National Park Service to Hold Open House Meetings at Fort Monroe National Monument
Contact: Lisa Kolakowsky Smith, 215-597-7946
The National Park Service (NPS) is hosting two open houses on April 30, 2012 to kick off planning efforts for Fort Monroe National Monument. The monument was added to the national park system by presidential proclamation on November 1, 2011. The open houses provide an opportunity for the public to learn about and participate in the planning process. The National Park Service is working collaboratively with the Fort Monroe Authority and the City of Hampton on the overall vision for the entire peninsula.
"It is important to have the voice of the community and other stakeholder groups to discuss what makes Fort Monroe so special," said Superintendent Kirsten Talken-Spaulding, a Virginia native and first NPS staff at Fort Monroe National Monument. "These discussions will build a solid foundation for the future of Fort Monroe National Monument."
When: April 30, 2012
Where: The Chamberlin, Historic Fort Monroe
Two meetings are planned to provide interested citizens with opportunities to attend and express their thoughts regarding the future of Fort Monroe National Monument. The public will be able to submit comments at one of the meetings or, comments may be submitted electronically through May 04, 2012 by using the NPS Planning, Environment, and Public Comment website (PEPC) at: http://parkplanning.nps.gov/FOMR-1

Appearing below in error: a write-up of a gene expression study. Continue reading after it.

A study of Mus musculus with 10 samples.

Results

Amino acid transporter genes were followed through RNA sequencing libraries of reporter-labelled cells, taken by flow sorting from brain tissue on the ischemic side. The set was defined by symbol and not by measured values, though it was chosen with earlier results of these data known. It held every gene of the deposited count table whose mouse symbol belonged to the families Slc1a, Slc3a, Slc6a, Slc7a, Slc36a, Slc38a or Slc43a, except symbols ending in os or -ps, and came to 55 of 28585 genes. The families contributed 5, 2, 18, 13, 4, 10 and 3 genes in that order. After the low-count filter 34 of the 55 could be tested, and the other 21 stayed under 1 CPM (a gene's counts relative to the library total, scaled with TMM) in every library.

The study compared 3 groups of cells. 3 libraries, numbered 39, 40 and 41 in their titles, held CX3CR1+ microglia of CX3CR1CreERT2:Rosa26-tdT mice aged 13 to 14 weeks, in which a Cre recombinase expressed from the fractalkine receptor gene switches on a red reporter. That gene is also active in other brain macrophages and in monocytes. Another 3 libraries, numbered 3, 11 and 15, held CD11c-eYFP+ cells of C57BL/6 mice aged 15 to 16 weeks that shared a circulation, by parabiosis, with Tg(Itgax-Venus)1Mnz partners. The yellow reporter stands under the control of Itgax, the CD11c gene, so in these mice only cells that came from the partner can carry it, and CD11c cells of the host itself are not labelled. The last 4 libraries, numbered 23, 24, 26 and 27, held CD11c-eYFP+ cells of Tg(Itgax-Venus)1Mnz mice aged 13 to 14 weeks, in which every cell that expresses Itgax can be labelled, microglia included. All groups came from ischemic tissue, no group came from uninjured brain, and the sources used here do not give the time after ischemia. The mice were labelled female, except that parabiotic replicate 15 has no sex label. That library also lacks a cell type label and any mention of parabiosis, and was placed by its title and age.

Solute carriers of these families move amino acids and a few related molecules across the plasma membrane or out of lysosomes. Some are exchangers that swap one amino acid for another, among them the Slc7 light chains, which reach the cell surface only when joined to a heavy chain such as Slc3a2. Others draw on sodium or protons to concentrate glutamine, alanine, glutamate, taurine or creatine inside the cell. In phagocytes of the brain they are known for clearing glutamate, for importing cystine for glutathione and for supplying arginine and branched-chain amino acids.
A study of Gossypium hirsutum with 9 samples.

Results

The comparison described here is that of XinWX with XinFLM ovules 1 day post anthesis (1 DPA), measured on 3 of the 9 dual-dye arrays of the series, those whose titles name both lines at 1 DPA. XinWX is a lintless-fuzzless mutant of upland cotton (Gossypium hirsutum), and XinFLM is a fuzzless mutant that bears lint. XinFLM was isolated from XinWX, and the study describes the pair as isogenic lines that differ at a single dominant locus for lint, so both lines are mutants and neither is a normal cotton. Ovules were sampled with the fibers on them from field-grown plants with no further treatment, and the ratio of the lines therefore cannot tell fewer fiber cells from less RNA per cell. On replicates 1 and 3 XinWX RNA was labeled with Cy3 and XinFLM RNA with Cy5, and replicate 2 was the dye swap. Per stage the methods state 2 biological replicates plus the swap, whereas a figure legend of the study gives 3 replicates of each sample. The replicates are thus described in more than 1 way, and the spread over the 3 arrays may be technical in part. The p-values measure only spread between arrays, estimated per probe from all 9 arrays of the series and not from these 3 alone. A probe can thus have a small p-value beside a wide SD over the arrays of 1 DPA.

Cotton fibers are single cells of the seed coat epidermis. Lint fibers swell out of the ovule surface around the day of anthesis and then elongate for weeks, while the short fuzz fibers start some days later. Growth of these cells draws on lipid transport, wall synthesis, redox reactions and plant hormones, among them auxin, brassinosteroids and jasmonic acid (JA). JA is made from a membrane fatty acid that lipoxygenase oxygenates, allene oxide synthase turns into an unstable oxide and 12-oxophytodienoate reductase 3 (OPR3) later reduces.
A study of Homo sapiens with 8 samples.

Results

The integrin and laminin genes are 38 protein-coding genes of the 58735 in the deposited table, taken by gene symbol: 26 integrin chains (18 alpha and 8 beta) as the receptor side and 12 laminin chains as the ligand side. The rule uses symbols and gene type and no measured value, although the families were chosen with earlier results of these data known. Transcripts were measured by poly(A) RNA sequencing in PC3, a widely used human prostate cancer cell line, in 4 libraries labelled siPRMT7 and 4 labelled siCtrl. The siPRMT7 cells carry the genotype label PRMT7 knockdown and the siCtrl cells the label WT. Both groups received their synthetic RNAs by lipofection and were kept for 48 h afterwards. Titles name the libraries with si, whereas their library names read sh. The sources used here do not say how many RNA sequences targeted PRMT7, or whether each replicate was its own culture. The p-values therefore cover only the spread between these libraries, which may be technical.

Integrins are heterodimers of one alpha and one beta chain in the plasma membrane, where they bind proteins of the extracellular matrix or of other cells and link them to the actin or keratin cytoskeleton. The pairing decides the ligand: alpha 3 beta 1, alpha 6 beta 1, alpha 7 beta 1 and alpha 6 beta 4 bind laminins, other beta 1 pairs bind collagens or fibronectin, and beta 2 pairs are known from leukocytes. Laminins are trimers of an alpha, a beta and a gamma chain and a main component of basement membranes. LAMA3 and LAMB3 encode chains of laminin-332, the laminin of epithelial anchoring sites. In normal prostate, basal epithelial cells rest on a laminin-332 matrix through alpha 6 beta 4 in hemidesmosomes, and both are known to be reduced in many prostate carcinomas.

Known first as "The Gibraltar of the Chesapeake" and later as "Freedom's Fortress," Fort Monroe on Old Point Comfort in Virginia has a storied history in the defense of our Nation and the struggle for freedom. Fort Monroe was the third oldest United States Army post in continuous active service until its closure in September 2011. It was designated a National Historic Landmark in 1960 and it is listed on the National Register of Historic Places. Fort Monroe National Monument was proclaimed on November 1, 2011 and includes portions of the peninsula including fortifications and the North Beach area.
Did You Know?
As a young engineer fresh from West Point, Robert E. Lee helped to build Fort Monroe. Later, during the Civil War, he had to contend with the fact that Union forces maintained control of the fort throughout the war.